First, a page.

On to the inside- Building the Winery Part 16

Watching the building get built so rapidly in the beginning gets one really excited. But then the work moves to the inside and it seems to go to a crawl. Unless you are there everyday watching the hustle of the tradesmen put in the plumbing, the electrical, the insulation, and the stairs, it just appears very little is going on from the outside.

The exterior isn't done yet though. The siding needs to be put up (sometime next week), the grading needs to be done to allow the back patio and Dominion Power to come in and complete their assignments. The main doors have to be installed, and probably a dozen other things needed to put on the finishing touches.

But it is the inside now that is getting the attention. Without the lighting in, it is shadowy most of the time. Natural sunlight is all they have to see what they are doing. Fortunately there are plenty of windows to let the rays in, and for the most part the weather has been cooperating and not delivering rain or completely cloudy days.
For the longest time if you wanted to see the action upstairs, you needed to have the skills of a monkey to climb up the interior posts and framework to reach the loft (the workers conveniently used ladders that they removed every night). However, the stairway came in and was installed a week ago, so normal people could advance up the stairs and walk around the upper deck, looking over the railing to the center facade below. It is a simple railing, appropriate for a "really nice barn" , creating the inside diameter for a circle of offices, a conference room, and a small kitchenette. The upstairs will be the administrative offices for the winery, having room for Diane's office and any of those other jobs that will be created to service the winery, like someone to do the purchasing, manage functions, or be responsible for concessionary duties.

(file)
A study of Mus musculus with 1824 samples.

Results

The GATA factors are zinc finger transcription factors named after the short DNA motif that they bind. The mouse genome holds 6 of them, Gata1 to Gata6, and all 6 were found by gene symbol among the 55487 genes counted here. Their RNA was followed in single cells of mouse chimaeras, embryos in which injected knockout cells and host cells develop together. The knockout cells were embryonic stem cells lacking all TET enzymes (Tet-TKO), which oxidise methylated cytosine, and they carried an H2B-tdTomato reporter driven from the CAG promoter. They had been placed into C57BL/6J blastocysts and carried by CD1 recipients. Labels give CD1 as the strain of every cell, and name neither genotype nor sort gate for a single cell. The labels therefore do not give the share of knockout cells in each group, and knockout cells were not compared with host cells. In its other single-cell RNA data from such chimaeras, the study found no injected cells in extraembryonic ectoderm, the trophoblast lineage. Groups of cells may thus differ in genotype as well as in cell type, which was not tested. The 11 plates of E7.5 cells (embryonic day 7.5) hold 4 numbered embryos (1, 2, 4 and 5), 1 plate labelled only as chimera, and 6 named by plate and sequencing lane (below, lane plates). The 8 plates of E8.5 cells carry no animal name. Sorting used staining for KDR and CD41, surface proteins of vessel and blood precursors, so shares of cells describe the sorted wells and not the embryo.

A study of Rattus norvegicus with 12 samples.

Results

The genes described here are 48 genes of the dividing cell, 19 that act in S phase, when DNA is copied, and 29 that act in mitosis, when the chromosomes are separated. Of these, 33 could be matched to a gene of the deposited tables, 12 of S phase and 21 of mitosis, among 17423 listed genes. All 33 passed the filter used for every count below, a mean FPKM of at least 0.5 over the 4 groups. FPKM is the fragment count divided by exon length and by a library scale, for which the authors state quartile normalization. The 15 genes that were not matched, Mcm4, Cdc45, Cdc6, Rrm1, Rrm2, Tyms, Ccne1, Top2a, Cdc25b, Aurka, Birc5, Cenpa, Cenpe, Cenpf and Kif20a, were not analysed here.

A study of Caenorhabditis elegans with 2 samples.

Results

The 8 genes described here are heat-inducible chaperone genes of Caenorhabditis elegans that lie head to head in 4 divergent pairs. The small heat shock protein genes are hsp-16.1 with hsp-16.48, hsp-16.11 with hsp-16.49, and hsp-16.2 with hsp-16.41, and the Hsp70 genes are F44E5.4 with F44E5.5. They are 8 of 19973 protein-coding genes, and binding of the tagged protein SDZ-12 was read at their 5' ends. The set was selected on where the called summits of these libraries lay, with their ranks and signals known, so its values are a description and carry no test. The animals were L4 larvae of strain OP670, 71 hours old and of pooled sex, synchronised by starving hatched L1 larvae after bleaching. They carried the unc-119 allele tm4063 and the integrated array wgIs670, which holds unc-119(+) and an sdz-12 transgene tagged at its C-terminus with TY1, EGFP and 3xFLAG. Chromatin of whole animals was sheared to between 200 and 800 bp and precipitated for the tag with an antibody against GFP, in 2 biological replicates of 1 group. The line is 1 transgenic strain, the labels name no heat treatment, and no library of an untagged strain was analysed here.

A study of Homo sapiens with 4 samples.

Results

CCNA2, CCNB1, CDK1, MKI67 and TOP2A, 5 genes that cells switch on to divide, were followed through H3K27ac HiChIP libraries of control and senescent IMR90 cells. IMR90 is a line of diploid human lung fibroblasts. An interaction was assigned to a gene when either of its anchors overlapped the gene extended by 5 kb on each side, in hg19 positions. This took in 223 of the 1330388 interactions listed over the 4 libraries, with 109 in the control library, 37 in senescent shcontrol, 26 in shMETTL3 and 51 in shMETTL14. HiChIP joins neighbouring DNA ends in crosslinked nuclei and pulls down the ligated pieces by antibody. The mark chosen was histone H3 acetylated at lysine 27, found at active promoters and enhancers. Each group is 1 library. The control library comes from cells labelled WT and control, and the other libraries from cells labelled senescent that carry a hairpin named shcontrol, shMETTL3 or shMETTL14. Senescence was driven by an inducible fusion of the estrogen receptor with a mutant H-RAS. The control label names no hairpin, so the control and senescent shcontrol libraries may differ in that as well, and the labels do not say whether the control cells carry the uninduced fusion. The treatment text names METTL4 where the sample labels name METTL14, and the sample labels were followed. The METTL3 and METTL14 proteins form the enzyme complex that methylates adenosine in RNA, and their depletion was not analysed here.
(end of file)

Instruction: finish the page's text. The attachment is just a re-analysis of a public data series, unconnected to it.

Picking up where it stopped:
The insulation was put in this week. To see these guys do this as quick as they did was amazing. What would take me a month took just 2 days with 2 guys. Long blankets of insulation were balanced on the end of sticks, raised 15 or 20 feet in the air and then tucked into their respective slots. This week the drywall is going up which will cover most of the interior walls and some of the ceilings. The center area will retain the wood look though, and wainscoting will enhance the walls in the gift shop, tasting room, and function room. 

For those that follow us on Facebook, I encourage you to look up Hampton Roads Winery and see the virtual tour that is posted. It is a little dizzying, and there certainly are some artistic freedoms taken, but for the most part it is a decent representation of the downstairs.